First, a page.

Marana’s interns share their summer experiences.
This past Friday was a heckuva busy day, filled to the brim with software demos and Coca-Cola products (check back for Heath’s blog for details on that). I spent the morning with Brian Costa of Public Works. He walked me through one of his duties, measuring the Overall Condition Index (OCI) of our paved roads here in Marana.
The process of determining OCI is sophisticated but surprisingly not entirely technology-driven. In his function as an inspector, Brian uses his senses and judgment to check our roads against the standards of excellence we hope to achieve and to determine a Pavement Condition Index (PCI). Then, a PASER rating is obtained. The Pavement Surface Evaluation and Rating is a visual rating on a scale of 1-10. These two factors contribute to the OCI, which helps determine how roads are treated.
This is all a part of the pavement preservation program, a Public Works initiative. Brand new roads cost a ton of money, and even though they may last 20 to 30 years, the last 5, 10 or 15 years is at a significantly lower quality. This program is designed not only to keeps our roads looking and feeling good for longer, but also to save the Town and the citizens of Marana lots of money over the years. Putting down a temporary pavement treatment can help protect the road’s structural integrity for several years and the treatments come at a fraction of the cost of a new asphalt concrete construction.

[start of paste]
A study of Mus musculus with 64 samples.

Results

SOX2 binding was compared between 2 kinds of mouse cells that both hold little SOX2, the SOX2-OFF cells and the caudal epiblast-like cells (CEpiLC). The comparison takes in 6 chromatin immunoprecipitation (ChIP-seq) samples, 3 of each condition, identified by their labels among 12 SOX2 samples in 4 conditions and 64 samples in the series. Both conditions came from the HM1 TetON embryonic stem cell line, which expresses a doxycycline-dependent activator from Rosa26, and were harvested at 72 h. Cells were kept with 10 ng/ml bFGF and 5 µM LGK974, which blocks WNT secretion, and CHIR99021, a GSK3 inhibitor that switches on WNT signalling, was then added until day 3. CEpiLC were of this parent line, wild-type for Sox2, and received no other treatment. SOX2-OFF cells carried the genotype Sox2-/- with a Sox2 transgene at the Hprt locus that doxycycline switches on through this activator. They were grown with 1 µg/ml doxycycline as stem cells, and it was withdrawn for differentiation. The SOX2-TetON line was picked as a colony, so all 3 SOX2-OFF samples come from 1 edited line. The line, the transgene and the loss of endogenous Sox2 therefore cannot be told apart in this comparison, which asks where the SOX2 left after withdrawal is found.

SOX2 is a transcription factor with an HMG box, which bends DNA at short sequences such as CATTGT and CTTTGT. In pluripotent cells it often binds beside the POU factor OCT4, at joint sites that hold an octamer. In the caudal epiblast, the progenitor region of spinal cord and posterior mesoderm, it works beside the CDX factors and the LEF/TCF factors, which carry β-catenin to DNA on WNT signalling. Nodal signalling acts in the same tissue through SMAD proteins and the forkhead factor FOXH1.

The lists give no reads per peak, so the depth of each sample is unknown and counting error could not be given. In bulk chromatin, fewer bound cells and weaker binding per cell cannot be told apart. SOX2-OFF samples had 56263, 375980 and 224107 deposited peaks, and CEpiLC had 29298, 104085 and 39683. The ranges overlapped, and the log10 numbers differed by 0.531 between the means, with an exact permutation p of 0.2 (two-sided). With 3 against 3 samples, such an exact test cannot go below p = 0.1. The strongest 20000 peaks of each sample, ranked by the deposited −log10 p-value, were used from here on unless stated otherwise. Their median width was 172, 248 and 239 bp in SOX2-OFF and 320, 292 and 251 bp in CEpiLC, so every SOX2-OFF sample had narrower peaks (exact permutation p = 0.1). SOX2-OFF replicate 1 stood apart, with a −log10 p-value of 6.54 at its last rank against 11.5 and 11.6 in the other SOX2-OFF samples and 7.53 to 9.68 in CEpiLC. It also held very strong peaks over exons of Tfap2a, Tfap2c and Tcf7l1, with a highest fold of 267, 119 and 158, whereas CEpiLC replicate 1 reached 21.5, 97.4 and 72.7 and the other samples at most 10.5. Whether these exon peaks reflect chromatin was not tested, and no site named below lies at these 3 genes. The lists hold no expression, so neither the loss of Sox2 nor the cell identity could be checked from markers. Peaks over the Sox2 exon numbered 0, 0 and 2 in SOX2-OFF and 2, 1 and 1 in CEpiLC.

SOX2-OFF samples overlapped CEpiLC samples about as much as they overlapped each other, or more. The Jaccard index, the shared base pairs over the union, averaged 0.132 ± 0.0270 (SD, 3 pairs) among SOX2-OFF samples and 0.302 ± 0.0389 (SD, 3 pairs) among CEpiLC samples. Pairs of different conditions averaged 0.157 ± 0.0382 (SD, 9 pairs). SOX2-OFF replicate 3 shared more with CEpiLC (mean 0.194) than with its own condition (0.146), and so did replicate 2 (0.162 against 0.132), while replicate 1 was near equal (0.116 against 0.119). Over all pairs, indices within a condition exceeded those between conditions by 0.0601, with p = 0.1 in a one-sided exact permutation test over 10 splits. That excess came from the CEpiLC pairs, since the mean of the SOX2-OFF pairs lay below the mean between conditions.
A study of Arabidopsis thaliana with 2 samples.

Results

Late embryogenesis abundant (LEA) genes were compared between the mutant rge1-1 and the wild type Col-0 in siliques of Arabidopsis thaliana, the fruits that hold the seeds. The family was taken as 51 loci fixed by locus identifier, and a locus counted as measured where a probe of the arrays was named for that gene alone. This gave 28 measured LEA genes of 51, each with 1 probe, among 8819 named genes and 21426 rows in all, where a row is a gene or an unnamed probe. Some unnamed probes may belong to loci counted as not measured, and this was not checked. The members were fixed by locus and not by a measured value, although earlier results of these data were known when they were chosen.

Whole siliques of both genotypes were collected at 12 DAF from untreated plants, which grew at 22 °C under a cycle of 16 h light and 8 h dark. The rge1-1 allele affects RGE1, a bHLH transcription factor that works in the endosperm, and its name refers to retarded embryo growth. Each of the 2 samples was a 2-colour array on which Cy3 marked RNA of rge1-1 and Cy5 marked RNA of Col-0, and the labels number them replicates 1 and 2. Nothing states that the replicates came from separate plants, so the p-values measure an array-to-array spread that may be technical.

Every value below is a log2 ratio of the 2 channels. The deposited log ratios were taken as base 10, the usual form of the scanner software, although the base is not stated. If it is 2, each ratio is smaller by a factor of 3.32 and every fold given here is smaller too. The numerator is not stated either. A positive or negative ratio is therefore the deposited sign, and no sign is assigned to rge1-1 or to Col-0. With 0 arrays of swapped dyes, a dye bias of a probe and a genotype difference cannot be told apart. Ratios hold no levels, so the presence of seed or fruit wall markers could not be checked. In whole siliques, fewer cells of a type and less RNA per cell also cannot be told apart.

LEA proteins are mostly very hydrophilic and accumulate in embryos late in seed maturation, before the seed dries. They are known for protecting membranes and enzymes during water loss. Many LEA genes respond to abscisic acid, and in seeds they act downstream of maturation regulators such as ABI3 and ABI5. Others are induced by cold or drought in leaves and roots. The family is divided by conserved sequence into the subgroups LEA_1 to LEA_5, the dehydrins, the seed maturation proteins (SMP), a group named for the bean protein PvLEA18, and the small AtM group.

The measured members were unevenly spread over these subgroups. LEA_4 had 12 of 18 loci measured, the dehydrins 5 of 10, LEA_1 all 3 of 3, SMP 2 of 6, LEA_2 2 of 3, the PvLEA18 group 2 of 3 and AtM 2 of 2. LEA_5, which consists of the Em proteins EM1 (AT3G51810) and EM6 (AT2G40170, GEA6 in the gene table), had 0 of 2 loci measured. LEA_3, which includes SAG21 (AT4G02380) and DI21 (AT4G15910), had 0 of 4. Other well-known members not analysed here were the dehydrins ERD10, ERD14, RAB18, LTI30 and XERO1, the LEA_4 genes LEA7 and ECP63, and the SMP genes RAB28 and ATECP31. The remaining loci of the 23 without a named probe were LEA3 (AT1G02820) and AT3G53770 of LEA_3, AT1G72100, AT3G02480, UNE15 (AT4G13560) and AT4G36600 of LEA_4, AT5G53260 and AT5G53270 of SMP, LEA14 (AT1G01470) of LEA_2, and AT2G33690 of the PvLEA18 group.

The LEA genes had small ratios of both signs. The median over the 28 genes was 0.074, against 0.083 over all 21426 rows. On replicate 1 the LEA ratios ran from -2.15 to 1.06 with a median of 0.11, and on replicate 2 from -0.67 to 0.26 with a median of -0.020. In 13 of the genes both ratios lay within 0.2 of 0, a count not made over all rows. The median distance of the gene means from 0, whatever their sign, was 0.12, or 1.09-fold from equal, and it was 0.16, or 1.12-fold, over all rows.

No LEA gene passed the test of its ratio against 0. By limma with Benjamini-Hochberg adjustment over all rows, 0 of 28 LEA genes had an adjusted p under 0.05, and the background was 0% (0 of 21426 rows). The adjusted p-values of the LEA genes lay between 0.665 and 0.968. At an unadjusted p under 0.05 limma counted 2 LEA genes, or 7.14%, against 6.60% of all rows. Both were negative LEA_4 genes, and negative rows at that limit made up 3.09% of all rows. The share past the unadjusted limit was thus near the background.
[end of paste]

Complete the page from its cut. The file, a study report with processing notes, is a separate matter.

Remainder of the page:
It was a great learning experience to actually get out there and see the program at work. These days, it seems like all you hear about is the excess in government spending. The pavement preservation program is a strong step the Town is taking toward countering that trend.
Anthony Hunter is a Master of Public Administration candidate at the University of Arizona.